What You Need To Know in Case of Opioid Overdose

Fatal overdoses from opioids, and especially fentanyl, are climbing in Washington. This July may have been the worst month for overdoses in almost two years, with 1,031 overdoses reported in 31 days, according to the Washington State Department of Health. Fortunately, Naloxone can prevent an opioid overdose death if it is administered quickly. Emergency responders administered hundreds of doses of Naloxone, and law enforcement and others also used it to save lives.

Naloxone can’t help if no one has any on hand when emergency strikes, though. Here are two things you should know if you are around someone who uses opioids.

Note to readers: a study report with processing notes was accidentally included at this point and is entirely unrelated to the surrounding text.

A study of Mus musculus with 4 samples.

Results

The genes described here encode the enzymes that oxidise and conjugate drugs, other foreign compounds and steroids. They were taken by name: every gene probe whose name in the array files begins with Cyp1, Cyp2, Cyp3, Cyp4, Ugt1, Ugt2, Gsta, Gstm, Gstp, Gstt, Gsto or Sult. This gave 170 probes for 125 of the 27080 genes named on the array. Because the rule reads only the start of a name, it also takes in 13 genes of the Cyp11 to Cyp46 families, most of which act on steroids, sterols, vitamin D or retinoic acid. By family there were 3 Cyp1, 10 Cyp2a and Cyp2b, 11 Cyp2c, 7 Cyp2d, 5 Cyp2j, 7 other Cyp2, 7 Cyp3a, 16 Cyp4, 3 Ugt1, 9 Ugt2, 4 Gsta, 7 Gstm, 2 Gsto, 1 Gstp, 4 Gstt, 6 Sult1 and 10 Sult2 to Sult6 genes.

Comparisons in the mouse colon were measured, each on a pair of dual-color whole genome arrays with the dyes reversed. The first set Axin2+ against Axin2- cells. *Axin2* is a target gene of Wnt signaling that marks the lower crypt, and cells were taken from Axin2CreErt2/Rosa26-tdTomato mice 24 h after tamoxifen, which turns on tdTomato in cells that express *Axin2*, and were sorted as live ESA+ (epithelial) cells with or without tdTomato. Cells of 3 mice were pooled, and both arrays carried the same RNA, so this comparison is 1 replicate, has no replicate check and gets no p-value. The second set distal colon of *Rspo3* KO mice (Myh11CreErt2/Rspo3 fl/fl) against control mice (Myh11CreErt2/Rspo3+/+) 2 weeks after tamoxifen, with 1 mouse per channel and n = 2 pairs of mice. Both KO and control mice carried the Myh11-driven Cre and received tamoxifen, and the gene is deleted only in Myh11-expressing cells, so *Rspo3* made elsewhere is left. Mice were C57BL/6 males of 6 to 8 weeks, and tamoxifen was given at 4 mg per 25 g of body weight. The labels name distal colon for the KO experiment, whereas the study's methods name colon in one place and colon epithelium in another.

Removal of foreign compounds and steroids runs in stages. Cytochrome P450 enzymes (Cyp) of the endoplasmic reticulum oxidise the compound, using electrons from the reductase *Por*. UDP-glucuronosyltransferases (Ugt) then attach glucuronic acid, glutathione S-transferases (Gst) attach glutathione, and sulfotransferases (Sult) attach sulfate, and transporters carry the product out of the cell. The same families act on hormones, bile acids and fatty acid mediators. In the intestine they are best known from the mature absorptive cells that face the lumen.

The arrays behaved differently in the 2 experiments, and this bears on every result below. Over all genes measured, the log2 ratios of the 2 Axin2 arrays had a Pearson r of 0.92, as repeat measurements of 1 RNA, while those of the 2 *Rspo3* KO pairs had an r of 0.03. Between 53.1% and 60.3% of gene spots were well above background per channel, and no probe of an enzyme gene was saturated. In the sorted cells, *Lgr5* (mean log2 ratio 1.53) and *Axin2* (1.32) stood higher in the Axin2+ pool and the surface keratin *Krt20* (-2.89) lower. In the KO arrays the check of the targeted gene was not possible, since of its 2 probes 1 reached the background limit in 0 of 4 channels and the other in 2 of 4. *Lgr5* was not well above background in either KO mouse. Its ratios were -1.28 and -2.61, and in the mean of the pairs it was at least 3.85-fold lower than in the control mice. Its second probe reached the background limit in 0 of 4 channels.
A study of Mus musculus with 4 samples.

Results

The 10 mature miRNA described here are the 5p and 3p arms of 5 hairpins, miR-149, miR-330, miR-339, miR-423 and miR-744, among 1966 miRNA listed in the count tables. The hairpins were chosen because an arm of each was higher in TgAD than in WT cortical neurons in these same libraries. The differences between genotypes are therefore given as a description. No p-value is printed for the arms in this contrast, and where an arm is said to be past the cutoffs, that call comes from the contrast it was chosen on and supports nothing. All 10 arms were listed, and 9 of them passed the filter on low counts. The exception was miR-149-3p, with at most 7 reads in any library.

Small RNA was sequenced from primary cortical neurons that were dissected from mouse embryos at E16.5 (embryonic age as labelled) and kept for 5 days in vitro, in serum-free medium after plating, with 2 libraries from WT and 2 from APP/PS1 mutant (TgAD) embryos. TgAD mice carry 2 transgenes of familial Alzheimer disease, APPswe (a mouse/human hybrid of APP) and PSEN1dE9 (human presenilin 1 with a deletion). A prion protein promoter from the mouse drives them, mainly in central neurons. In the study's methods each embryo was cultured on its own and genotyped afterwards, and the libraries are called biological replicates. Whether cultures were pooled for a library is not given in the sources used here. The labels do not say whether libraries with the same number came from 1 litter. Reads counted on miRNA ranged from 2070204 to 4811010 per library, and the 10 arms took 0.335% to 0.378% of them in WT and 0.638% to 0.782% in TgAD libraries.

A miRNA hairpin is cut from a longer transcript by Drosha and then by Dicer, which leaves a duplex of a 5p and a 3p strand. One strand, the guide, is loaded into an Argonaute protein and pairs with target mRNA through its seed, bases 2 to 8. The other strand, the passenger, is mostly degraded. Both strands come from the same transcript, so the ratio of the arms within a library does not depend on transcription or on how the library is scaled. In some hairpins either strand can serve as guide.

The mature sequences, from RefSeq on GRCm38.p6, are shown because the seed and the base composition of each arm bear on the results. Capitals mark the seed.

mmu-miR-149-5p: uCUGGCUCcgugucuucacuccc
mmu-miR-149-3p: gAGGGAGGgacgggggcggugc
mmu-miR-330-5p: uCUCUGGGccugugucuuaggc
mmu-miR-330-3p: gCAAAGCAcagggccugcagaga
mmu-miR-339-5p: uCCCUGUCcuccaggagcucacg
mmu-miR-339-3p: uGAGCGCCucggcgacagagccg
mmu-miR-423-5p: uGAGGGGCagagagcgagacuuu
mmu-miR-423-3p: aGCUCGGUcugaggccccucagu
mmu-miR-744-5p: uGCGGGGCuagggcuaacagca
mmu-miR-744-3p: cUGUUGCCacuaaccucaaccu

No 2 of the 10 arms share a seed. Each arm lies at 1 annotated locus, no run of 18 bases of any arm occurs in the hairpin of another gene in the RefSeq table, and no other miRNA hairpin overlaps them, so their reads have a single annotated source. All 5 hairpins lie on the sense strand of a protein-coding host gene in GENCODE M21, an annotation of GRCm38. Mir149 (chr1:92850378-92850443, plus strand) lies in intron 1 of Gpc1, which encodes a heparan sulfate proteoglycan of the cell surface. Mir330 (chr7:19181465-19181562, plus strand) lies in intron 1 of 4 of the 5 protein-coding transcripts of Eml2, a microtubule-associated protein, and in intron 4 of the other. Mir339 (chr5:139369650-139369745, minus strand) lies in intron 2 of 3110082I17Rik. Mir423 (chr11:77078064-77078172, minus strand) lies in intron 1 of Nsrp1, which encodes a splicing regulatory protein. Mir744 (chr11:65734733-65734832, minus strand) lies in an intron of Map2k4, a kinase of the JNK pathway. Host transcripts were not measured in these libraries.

1. You won’t be penalized for helping

Washington legislators want everyone to feel safe helping others, so they passed the Good Samaritan Statutes (RCW 69.50.315) to protect people who lend a hand in an emergency, even though it isn’t their job. This law states that you can call emergency services for help if you are with someone who overdosed, and you and the affected person are protected from drug charges. You can call for medical assistance without legal repercussions, so don’t hesitate to dial 911!

2. You can carry Naloxone with you

If you are among people who use opioids, you’ll want to do this, too: Call Kelley Lovelace at West Sound at 360-876-9430 and ask for Naloxone. We provide it to people who request it, free of charge and no questions asked! Kelley can make sure that you have what you need. Once you’re prepared, you can administer the nasal spray/injection after an opioid overdose and save someone’s life.

More information, including instructions for administering Naloxone, is on our webpage.